Elections 2024: Identifying Key Policy Issues

May 6, 2024


Dr. Ali Hasanain, Dr. Altaf Ullah Khan, Dr. Saeed Shafqat, Suleman Ghani

Elections 2024: Identifying Key Policy Issues

Shafqat initiated the discussion by highlighting that the year 2024 was going to be an election year in South Asia as India, Pakistan, and Bangladesh are going to have their elections in the upcoming year. He said that it was important to understand why elections are pertinent and whether elections bring changes in policies and institutions as we foresee. He argued that elections play a key role as they inherently confer legitimacy upon governing bodies. However, in the context of Pakistan, there was hardly any change in the political landscape as it followed a recurring pattern of confrontational and highly personalized dynamics. Despite the strengthening of the Election Commission of Pakistan (ECP) since 2017, there are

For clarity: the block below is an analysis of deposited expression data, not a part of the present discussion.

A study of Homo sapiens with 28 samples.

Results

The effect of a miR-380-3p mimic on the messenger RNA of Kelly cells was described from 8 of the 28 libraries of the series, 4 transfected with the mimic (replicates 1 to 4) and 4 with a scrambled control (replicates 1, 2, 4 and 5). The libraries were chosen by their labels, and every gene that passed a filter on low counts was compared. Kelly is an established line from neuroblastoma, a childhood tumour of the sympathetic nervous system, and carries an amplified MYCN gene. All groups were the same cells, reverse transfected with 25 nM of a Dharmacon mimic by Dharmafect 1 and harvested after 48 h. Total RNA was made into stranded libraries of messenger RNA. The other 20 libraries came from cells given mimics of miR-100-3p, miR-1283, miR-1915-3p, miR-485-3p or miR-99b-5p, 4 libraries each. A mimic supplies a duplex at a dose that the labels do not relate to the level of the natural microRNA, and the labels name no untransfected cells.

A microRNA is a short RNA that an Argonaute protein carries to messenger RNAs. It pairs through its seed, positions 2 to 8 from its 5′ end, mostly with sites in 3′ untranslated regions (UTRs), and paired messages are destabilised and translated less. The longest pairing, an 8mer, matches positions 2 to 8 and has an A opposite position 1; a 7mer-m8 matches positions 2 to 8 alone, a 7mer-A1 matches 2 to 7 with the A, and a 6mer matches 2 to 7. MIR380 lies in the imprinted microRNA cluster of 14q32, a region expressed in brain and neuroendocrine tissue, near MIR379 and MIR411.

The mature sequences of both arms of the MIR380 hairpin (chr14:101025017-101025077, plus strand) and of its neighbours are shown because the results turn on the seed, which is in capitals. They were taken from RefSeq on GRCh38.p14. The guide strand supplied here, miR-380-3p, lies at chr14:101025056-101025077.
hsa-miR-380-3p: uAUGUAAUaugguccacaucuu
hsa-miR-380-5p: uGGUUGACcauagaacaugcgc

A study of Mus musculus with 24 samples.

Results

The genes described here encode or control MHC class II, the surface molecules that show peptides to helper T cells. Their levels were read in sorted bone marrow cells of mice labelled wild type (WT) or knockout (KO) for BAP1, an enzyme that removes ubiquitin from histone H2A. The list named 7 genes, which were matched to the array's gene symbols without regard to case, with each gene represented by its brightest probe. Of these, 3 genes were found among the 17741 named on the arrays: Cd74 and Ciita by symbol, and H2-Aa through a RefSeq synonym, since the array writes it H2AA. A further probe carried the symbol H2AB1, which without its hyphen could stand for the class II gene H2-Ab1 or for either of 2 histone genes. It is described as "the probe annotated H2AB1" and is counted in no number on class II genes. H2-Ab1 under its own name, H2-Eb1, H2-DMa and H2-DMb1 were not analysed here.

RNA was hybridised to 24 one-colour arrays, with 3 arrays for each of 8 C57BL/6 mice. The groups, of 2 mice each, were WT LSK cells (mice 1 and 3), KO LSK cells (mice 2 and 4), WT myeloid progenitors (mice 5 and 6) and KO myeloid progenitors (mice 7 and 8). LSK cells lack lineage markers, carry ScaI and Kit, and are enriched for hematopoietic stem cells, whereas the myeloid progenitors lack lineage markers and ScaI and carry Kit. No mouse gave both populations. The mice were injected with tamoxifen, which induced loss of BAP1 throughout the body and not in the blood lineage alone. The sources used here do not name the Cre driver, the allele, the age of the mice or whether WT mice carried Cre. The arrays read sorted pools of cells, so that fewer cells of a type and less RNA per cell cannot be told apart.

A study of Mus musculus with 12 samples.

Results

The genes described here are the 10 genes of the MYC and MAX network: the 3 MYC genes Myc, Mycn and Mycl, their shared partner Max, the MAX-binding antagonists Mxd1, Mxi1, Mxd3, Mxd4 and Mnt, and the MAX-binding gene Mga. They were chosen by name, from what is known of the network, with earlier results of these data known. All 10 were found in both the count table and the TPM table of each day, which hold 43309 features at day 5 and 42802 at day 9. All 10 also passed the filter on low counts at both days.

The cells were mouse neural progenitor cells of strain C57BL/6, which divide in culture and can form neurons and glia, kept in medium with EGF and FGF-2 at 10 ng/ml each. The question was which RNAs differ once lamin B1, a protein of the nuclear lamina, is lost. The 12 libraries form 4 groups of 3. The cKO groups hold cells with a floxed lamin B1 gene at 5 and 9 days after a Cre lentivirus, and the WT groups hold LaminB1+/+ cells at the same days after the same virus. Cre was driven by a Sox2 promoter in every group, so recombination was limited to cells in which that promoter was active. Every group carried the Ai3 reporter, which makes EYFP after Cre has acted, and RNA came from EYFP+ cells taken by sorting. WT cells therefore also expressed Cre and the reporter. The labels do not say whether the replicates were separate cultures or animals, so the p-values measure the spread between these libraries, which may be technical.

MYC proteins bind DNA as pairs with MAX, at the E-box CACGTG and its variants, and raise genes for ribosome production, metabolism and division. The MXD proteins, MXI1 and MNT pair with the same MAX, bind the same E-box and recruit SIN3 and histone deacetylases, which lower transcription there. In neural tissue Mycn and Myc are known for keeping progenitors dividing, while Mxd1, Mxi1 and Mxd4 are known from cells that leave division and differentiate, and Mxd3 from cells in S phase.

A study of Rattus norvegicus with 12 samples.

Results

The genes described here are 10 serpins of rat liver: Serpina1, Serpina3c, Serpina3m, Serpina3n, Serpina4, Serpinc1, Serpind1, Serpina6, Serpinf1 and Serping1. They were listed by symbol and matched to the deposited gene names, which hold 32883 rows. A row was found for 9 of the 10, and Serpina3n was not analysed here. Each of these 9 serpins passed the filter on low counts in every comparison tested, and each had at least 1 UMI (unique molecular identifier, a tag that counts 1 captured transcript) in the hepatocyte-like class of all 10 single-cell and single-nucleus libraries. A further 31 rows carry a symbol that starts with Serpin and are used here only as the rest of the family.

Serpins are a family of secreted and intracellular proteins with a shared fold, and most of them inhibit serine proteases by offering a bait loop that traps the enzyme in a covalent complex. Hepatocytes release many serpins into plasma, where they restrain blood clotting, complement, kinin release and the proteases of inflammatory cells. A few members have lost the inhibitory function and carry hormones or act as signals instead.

concerns regarding its credibility especially in the pre-election phases. Moreover, it is crucial to understand that even today, Pakistan is in the milieu of “establishmentarian democracy”, a system where the military influences the democratic processes and procedures. Pakistan is going to have elections but these elections will be under a military hegemonic system. The so-called longest phase of democracy since 2008 has but a democratic face with the military playing a central role in constructing democracy and maintaining its hegemony. On the importance of party manifestos in the electoral process, Shafqat stated that these hold significance in articulating the key ideology and priorities of each political party. Political parties need to think through their manifestos and develop them in light of key issues prevalent within the country. Firstly, the demographic dividend as demography has become a core national issue for Pakistan. It will either be a dividend or a disaster, interlinked with population management, urbanization, and skill development. Secondly, parties should define their stance on local governance. They must differentiate between provincial government, and whether they want a commissioner system or an elected government system. A commissioner system is one where a government-appointed commissioner oversees local governance affairs whereas in the elected government system, local governance is administered by elected representatives such as a mayor or a council member. Thirdly, they should define their position on terrorism. If one is making a case regarding terrorism, it must differentiate between counter-terrorism and counter-insurgency. Counter terrorism refers to stopping terrorist attacks while counter-insurgency means combatting insurgency movements aiming to overthrow established government authority. Manifestos must inform party position on whether to involve the military or police in countering terrorism. Fourthly, parties should clarify their stance on the 18th Amendment as it is a key element in managing the intervention of military in politics. Parties need to critically outline the degree of provincial autonomy, both fiscal and administrative that they would adhere to.